2021 predictions for the secondary market, mortgage servicing rights
When the secondary market shut down during the pandemic this year, lenders primarily worried about two things: whether borrowers could still pay and whether they’d have enough places to sell loans to.
They’re hoping for better in 2021, while not forgetting lessons learned about the market’s risks in 2020.
“I want as many arrows in my quiver as possible,” said Brian Gilpin, senior vice president, treasurer and head of capital markets at Embrace Home Loans.
“We’re just trying to keep all of our options available come 2021 because you just don’t know where things are going to go, and we saw this year things can go pretty far in one direction pretty fast,” he said. “When that happens, you just have got to adapt.”
For Gilpin, that means staying in touch with all the possible outlets to sell to, which he thinks he will be able to do through traditional networking. However, other players may turn to secondary market trading platforms, he noted.
When the pandemic hit, Gilpin, like many lenders, saw those secondary buyer options quickly whittled down primarily to the government-related outlets and he adjusted accordingly. But the market recovery seen in fits and starts in the past year have made him hopeful that he may be selling to more buyers next year.
“We haven’t sold much into the secondary market that went to investors besides Fannie Mae, Freddie Mae and Ginnie Mae this year, but we do work to maintain those relationships so come January, we could be ready to go,” he said.
“From my talks with account executives at the larger aggregators, I sense folks have been coming back,” Gilpin added. “I would expect we could start to see more people selling to aggregators some of that flow that’s been going directly to the agencies.”
Booming originations from rate stimulus coupled with the redirection of sales have caused the conduits the agencies use to buy loans to swell. Fannie Mae, for example, reported 150% year-over-year growth in its whole loan conduit that absorbs sales from small and midsized lenders during the third quarter.
There’s a lot of uncertainty around public policy and the pandemic that will determine to what extent government-related agencies will compete with investors in the private market for loans next year.
Among the many possible reforms contemplated for Fannie and Freddie by policymakers — who collectively have had mixed feelings about the extent of government involvement in the mortgages — are price adjustments and proposals that would decrease the GSEs’ involvement in certain types of loan purchases.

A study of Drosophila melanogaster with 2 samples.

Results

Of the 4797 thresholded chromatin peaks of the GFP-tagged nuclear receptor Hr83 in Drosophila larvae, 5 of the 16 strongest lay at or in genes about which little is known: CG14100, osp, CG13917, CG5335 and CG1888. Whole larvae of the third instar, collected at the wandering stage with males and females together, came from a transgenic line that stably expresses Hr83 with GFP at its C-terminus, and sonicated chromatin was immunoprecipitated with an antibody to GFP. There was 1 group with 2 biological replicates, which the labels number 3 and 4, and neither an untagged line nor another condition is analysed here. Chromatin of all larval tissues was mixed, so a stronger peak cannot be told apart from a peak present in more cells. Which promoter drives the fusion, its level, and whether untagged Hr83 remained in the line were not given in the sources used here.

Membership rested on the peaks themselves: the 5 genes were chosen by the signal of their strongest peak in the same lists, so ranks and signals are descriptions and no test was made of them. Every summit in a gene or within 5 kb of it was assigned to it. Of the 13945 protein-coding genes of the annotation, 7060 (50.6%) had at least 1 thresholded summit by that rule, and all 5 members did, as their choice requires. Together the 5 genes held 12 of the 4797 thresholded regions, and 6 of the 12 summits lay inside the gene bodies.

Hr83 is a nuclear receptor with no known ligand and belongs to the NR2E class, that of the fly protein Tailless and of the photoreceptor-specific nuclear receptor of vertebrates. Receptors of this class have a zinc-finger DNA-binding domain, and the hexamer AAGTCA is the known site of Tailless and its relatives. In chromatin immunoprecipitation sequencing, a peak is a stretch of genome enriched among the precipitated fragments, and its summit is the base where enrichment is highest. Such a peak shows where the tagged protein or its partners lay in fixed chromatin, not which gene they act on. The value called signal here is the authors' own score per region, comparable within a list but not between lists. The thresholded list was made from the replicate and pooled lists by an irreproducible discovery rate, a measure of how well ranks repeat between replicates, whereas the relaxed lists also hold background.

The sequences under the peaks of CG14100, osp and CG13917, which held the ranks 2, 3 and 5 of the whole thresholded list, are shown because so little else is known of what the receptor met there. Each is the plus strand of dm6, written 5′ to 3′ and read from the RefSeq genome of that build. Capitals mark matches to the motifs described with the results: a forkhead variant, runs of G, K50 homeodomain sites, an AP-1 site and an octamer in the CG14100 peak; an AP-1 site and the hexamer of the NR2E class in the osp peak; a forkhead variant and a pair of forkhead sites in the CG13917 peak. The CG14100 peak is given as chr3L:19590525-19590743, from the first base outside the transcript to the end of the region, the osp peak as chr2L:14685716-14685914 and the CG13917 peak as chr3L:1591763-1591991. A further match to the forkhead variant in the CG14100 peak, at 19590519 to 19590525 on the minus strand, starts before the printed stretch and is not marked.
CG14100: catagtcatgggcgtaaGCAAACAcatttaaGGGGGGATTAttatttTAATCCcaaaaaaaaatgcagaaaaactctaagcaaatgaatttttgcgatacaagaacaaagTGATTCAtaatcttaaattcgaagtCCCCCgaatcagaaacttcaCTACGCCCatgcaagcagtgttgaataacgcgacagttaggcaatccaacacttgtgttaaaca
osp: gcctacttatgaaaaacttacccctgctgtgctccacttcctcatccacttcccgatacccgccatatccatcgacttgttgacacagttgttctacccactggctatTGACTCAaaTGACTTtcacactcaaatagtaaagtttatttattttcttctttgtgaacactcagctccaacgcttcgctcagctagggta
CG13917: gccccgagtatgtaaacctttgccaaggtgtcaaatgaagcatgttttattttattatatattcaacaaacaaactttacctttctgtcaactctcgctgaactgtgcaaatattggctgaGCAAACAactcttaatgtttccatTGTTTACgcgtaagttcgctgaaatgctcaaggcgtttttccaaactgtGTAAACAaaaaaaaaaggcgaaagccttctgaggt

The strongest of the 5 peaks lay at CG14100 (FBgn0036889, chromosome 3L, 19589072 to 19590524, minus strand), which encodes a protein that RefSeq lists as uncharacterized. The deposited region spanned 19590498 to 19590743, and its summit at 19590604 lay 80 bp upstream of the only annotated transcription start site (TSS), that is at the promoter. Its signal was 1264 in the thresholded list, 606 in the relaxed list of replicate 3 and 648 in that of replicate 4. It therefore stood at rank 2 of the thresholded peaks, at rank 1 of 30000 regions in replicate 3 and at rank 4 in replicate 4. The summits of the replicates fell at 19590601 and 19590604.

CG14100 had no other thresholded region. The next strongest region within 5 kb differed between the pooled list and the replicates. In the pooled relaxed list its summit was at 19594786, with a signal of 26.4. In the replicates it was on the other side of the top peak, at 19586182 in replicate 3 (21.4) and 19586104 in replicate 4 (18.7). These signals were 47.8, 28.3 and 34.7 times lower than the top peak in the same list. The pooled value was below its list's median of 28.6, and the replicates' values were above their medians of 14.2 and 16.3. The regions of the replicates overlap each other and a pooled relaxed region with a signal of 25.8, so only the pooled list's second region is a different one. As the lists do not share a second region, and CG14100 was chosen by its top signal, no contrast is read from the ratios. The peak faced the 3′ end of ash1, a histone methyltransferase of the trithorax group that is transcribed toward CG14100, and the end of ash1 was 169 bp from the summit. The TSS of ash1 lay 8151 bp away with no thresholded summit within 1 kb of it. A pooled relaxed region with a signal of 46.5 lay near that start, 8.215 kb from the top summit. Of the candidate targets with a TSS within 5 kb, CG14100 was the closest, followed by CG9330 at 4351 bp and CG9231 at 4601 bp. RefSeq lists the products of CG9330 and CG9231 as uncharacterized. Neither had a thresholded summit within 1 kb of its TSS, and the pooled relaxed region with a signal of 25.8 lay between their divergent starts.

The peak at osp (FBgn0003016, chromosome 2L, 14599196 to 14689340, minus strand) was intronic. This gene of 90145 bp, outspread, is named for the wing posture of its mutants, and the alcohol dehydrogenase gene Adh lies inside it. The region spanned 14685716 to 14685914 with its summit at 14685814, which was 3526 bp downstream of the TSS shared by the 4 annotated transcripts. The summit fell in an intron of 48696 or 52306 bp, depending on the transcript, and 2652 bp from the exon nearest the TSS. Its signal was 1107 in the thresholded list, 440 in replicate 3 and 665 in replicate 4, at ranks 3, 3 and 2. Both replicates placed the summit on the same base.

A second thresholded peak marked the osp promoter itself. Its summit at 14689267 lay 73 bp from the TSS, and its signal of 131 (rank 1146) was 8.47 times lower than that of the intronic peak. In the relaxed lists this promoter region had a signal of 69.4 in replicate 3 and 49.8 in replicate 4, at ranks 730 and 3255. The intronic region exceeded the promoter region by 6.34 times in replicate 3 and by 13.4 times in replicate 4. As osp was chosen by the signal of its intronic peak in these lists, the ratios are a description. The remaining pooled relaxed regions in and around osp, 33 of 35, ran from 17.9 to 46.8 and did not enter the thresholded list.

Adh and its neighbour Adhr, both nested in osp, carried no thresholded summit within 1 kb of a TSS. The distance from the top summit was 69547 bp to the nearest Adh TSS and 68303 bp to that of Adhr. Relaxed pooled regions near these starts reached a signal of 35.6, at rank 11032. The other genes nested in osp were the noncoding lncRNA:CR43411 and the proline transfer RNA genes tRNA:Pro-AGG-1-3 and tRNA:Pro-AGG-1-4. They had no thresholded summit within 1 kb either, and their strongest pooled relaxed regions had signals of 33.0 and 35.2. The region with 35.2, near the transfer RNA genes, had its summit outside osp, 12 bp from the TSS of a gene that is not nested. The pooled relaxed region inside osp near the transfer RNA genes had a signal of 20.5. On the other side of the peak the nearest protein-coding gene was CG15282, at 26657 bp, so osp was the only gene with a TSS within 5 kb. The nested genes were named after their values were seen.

“One of the studies that they’re evaluating at the GSEs is whether it is really part of their mission to support second homes and investment properties,” said Tim Rood, head of government and industry relations at SitusAMC.
The government-sponsored enterprises could possibly stop purchasing these loans next year if policymakers were to decide such purchases are outside Fannie and Freddie’s affordable housing mission. However, it’s by no means a given, because ceasing those purchases could hurt the GSEs’ ability to cross-subsidize other mortgages that do directly finance affordable-home purchases, Rood said.
The private-label mortgage-backed securities market, which purchases loans outside the government-sponsored enterprise, Ginnie Mae and bank portfolio markets, has seen a recovery in recent months. However, because its liquidity was hit hard at the onset of the pandemic, there’s some caution around predicting much expansion of it next year.
“The private label MBS market is not currently viewed as likely to be more robust than it is today,” said Rood. Interviews with Rood and Gilpin were conducted just prior to the U.S. election in November.
The future of MSRs
If low rates continue into 2021, the value of mortgage servicing rights could remain depressed due to prepayments that erode their value. Persistent economic distress could also lead to other servicing market challenges.
Most notable of these are questions of how many loans currently in forbearance will ultimately enter the foreclosure process, when and what condition the properties will be in when they do, as Aces Quality Management CEO Trevor Gauthier pointed out.
Because government-related secondary market agencies dominate the market currently, they may play a key role in setting policy standards in this area.
After the Great Recession, servicers found that the best way to pace foreclosure pipelines was to find a balance between delays that address an interest in keeping people in their homes as long as possible and applying enough speed to avoid property deterioration that contributes to neighborhood blight.
Whatever happens with public policy next year, most prognosticators don’t think officials will want to jeopardize the main government-related mortgage-backed securities market that lenders sell into.
“I think most would argue that the government should shrink its footprint,” Rood said. “But they first and foremost need to do no harm to the housing market.”